If you’ve been to those places, perhaps it’s time to visit the inexhaustible number of small and medium sized cities of Italy, the places where urban sprawl is almost nonexistent and the living is easy(er).
Let’s start with the small ones. In the north there’s Aosta nestled into the little Aosta region, Italy’s smallest. It was a Roman town, so there are numerous sites to visit. Then there’s Bassano del Grappa, named after nearby Monte Grappa, not the booze—although there is a grappa distillery in town you can visit. The Abruzzo’s Sulmona is ringed by mountains, in a setting that is one of the most compelling in Italy. Ascoli Piceno in Le Marche is one of our very favorite towns. An evening in the town’s main square, one of the most evocative in all of Italy, will make you want to stay forever, especially with a plate of stuffed, deep-fried olives, olive ascolane and the beverage of your choice at hand. Don’t miss a special day trip to amazing Offida while you’re at it. Finally, there’s Lecce, a city filled with Baroque monuments in the popular Puglia region. Access information on visiting all of these places by clicking the button below.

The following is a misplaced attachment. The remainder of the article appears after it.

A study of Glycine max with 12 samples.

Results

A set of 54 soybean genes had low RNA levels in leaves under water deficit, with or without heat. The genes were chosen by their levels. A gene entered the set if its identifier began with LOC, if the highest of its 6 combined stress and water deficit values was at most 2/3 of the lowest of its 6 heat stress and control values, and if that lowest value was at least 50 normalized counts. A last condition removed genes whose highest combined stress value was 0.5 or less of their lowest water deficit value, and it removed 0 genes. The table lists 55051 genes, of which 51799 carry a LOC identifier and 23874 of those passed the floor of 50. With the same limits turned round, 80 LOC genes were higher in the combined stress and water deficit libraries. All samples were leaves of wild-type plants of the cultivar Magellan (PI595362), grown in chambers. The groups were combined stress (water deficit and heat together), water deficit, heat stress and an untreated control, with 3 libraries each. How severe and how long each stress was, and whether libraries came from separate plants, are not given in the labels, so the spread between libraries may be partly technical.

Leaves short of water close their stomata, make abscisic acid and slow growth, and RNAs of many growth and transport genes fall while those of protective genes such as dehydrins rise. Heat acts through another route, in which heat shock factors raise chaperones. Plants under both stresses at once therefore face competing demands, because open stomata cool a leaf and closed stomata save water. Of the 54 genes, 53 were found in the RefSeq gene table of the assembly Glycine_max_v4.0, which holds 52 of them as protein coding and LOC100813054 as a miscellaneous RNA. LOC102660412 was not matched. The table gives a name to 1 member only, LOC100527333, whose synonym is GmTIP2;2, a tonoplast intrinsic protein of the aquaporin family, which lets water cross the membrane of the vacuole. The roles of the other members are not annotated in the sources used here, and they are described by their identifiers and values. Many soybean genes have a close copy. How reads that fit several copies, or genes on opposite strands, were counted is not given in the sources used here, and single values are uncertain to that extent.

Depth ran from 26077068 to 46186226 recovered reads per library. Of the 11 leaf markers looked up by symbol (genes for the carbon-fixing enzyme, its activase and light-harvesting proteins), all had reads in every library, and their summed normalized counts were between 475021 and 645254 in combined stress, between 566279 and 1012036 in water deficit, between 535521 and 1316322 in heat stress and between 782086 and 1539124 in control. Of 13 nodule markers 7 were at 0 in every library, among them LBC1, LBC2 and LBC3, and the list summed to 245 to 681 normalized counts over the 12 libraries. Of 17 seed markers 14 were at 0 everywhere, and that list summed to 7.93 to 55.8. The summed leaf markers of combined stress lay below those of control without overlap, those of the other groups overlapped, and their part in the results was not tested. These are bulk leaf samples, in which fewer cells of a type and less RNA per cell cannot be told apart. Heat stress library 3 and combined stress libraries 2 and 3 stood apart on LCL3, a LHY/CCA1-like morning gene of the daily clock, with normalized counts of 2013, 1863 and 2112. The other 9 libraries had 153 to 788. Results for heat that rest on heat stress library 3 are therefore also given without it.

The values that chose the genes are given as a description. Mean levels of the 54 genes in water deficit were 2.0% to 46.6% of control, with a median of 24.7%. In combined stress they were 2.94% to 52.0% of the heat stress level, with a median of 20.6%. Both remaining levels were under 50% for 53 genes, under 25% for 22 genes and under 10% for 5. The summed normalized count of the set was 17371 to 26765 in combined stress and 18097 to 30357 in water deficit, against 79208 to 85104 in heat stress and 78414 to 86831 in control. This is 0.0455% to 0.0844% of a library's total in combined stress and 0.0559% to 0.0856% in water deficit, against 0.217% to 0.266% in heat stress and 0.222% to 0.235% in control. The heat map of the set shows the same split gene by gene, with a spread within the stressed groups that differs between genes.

Did you know…
One of our favorite tour guys, The Roman Guy is now The Tour Guy. You can still get a 5% discount on most small group tours with promo code ITALYMARTHA when you book online. Book your tour in Rome, Vatican City, Florence, Venice, Milan, or Pompeii & Amalfi Coast:
“Medium” Cities: 5 Of Our Favorites
Ever been to Ferrara? The amazing Romanesque Duomo and castle are close to each other (the historic center of Ferrara has been included on the list of World Cultural Heritage by UNESCO as a great example of a town planned in the Renaissance that has managed to keep the basic design of its historical center intact into the modern period). The landscape of Ferrara is flat and great for cycling—and when you need some energy they have perfected a type of salame that makes a sauce when you cook it, called Salama al Sugo.
Perugia is where Martha and I went to language school at L’Università per Stranieri. That’s not a University for strange people, but for foreigners. The Umbrian capital remains one of our favorite cities.
Cremona is host to yet another amazing Romanesque Duomo and a bell tower you can climb up to get a great view of the city all the way to the river, as shown in the photo above. If you want, you can learn a lot about violins in Cremona.
Ragusa in Sicily is a Baroque wonder you shouldn’t miss. Ragusa Ibla is the old town, and you’ll enjoy walking through it. The Duomo di San Giorgio in the heart of the old town is one of 13 Baroque monuments in Ragusa Ibla that are listed in the UNESCO inscription.
The walled city of Lucca is a favorite of ours in Tuscany. The town was founded by the Etruscans who called it Luca, and became a Roman colony in 180 BC. The Renaissance era walls have kept out the industrial scourge, so wandering the city is quite a nice experience. You can rent a bike to circle the walls, or just walk.
I hope you’ve enjoyed the contents of this newsletter. Please pass it on to folks you might think are interested in planning an independent trip to Italy.